The crew for the last mission for space shuttle Discovery spent the week at NASA’s Kennedy Space Center conducting the Terminal Countdown Demonstration Test or as it is more commonly know – TCDT. The crew arrived Tuesday, Oct. 12 and immediately set to work. This week of training is the last major milestone on the path to launch, currently scheduled to take place on Nov. 1 at 4:40 p.m. EDT.
TCDT consists of is training that simulates the final hours up until launch. This provides training for both the crew and the launch team. The launch team practices launch day timelines as well other, crucial flight-day procedures. The crew on the other hand went through a number of exercises that included:
• Rescue training – The astronauts will run through several simulations where they practice what to do in the event of an emergency. The crew will be instructed on how to use the emergency baskets that will allow them to escape the launch pad in case there is a fire. They will also learn how to operate the tank-like M113 personnel carrier and other emergency equipment.
• The commander in pilot will perform abort landings and other flight aspects in the Shuttle Training Aircraft (STA). The plane is a Grumman Gulfstream II and it duplicates the shuttle’s approach profile and many of the orbiter’s handling qualities.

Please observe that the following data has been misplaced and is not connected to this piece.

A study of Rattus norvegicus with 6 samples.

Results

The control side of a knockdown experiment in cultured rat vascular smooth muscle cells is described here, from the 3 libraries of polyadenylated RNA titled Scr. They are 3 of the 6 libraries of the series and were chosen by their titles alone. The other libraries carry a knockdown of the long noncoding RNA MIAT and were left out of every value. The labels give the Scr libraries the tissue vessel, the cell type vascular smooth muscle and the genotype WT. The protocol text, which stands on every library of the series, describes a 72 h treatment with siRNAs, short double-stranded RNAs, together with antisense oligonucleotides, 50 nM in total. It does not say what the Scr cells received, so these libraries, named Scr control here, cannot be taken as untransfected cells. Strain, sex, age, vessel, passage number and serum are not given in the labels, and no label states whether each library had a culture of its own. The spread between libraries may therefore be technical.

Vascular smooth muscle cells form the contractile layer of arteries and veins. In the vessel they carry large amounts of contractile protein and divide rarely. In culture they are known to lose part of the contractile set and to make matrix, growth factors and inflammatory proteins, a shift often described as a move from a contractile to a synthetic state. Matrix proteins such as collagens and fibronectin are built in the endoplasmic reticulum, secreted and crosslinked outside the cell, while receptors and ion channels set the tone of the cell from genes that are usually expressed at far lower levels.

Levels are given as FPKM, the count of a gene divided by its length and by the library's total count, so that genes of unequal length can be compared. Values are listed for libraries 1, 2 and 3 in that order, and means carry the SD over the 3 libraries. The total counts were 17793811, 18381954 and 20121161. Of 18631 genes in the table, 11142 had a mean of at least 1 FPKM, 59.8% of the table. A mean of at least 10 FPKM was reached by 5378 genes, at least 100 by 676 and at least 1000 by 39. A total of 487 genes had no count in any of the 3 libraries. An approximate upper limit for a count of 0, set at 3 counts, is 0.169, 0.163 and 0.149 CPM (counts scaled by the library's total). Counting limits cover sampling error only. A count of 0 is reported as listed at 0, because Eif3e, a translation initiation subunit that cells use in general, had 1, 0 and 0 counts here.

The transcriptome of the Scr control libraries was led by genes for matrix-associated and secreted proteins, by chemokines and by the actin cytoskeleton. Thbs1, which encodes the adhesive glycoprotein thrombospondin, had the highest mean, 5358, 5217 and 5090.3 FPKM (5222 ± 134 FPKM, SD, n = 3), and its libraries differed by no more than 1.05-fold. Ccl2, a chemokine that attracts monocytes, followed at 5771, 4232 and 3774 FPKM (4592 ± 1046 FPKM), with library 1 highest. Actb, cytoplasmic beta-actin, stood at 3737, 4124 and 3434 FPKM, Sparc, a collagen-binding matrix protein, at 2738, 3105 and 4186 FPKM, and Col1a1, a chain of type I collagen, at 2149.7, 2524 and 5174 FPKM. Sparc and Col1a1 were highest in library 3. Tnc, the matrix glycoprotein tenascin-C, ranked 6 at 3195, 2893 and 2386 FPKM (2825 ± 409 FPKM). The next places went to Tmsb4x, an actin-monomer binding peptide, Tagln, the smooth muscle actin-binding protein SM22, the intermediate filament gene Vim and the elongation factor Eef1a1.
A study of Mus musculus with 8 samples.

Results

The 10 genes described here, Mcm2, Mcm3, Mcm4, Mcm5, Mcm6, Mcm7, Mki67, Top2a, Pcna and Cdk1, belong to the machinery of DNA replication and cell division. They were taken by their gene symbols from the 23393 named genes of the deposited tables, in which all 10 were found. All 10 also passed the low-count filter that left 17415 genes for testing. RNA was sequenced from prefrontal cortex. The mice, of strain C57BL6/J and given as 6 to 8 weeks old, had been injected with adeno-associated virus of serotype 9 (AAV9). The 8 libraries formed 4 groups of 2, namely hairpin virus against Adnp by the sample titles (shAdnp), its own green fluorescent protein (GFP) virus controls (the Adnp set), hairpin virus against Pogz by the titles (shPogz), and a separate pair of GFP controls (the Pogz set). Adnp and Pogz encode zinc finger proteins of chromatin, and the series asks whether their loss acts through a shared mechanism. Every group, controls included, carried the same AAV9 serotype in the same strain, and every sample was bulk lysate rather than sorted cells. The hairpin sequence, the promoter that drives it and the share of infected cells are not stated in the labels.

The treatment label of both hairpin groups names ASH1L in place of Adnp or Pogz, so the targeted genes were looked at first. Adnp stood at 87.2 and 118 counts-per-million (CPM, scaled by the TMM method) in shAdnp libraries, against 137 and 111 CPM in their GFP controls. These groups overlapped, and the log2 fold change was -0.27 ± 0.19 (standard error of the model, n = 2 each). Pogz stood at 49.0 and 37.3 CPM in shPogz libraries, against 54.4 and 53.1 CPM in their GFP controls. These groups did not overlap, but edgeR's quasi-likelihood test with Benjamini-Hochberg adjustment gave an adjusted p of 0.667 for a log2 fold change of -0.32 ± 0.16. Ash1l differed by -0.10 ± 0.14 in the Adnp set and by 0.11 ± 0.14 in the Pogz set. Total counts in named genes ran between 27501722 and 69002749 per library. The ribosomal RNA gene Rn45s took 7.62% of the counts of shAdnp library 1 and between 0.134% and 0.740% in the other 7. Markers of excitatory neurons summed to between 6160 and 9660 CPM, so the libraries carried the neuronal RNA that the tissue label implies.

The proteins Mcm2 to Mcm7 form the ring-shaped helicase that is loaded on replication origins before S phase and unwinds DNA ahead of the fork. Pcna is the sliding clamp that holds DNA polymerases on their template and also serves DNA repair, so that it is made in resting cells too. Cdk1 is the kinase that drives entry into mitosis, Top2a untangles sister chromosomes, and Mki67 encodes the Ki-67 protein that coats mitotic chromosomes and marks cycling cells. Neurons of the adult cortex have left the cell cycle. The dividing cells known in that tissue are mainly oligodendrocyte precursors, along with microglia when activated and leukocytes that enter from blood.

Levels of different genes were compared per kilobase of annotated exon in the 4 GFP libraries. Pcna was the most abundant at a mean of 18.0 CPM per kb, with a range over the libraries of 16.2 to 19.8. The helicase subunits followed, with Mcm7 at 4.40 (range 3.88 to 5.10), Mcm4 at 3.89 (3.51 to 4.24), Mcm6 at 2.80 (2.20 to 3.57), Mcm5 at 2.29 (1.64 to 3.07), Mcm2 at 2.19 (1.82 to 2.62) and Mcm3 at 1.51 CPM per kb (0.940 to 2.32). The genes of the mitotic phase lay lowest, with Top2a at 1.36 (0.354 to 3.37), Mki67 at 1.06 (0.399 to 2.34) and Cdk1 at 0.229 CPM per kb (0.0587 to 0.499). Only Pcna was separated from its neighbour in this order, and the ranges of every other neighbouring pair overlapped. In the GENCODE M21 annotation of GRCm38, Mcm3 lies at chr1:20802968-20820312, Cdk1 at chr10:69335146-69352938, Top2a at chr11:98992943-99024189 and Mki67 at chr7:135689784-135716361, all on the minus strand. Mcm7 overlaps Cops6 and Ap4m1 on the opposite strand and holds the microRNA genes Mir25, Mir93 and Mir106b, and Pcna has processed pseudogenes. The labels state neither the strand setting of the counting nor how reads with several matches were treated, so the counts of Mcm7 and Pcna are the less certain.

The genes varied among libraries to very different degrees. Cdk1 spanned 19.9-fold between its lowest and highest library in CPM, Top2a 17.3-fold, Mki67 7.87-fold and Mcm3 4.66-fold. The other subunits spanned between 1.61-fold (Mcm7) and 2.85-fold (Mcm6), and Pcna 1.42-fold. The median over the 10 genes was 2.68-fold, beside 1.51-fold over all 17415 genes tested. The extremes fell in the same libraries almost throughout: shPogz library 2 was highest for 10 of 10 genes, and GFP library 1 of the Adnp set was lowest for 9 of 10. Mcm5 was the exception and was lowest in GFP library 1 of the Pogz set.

• Conduct a launch day simulation that includes everything that will happen on launch day – except the launch. The crew walked out in their bright orange launch and entry suits. TCDT also includes a simulated abort so that the crew is well-versed as to what do to in case of that scenario.
These activities allow the crew and flight teams to do a rehearsal of all the events that will take place on launch day.
“This is a dress rehearsal for the real flight so the crew is kind of peaked up; they’ve put all the sequence of events together, when they go out to the pad they’ll do everything except igniting the main engines,” said Robert Springer a two-time shuttle veteran. “It’s a chance to review all your procedures and make sure everything is in place.”
The crew of STS-133 consists of Lindsey, Pilot Eric Boe and Mission Specialists, Michael Barratt, Tim Kopra, Alvin Drew and Nicole Stott. The crew is comprised entirely of space flight veterans.
STS-133 is an 11-day mission to the International Space Station (ISS) to deliver the Leonardo Permanent Multipurpose Module (PMM) which contains, among other thing, the first humanoid robot to fly into space – Robonaut-2 (R2). Also onboard is the Express Logistics Carrier-4 and spare parts for the orbiting laboratory.
Springer’s first flight was on space shuttle Discovery and as he watched the crew for her final mission his thoughts reflected on his experiences and the end of the shuttle era.
“It’s going to be a little tough, my personal experiences that I have of Discovery and my memories that I have of that time make it a little bittersweet to realize that this will be the last time that Discovery will go into space.”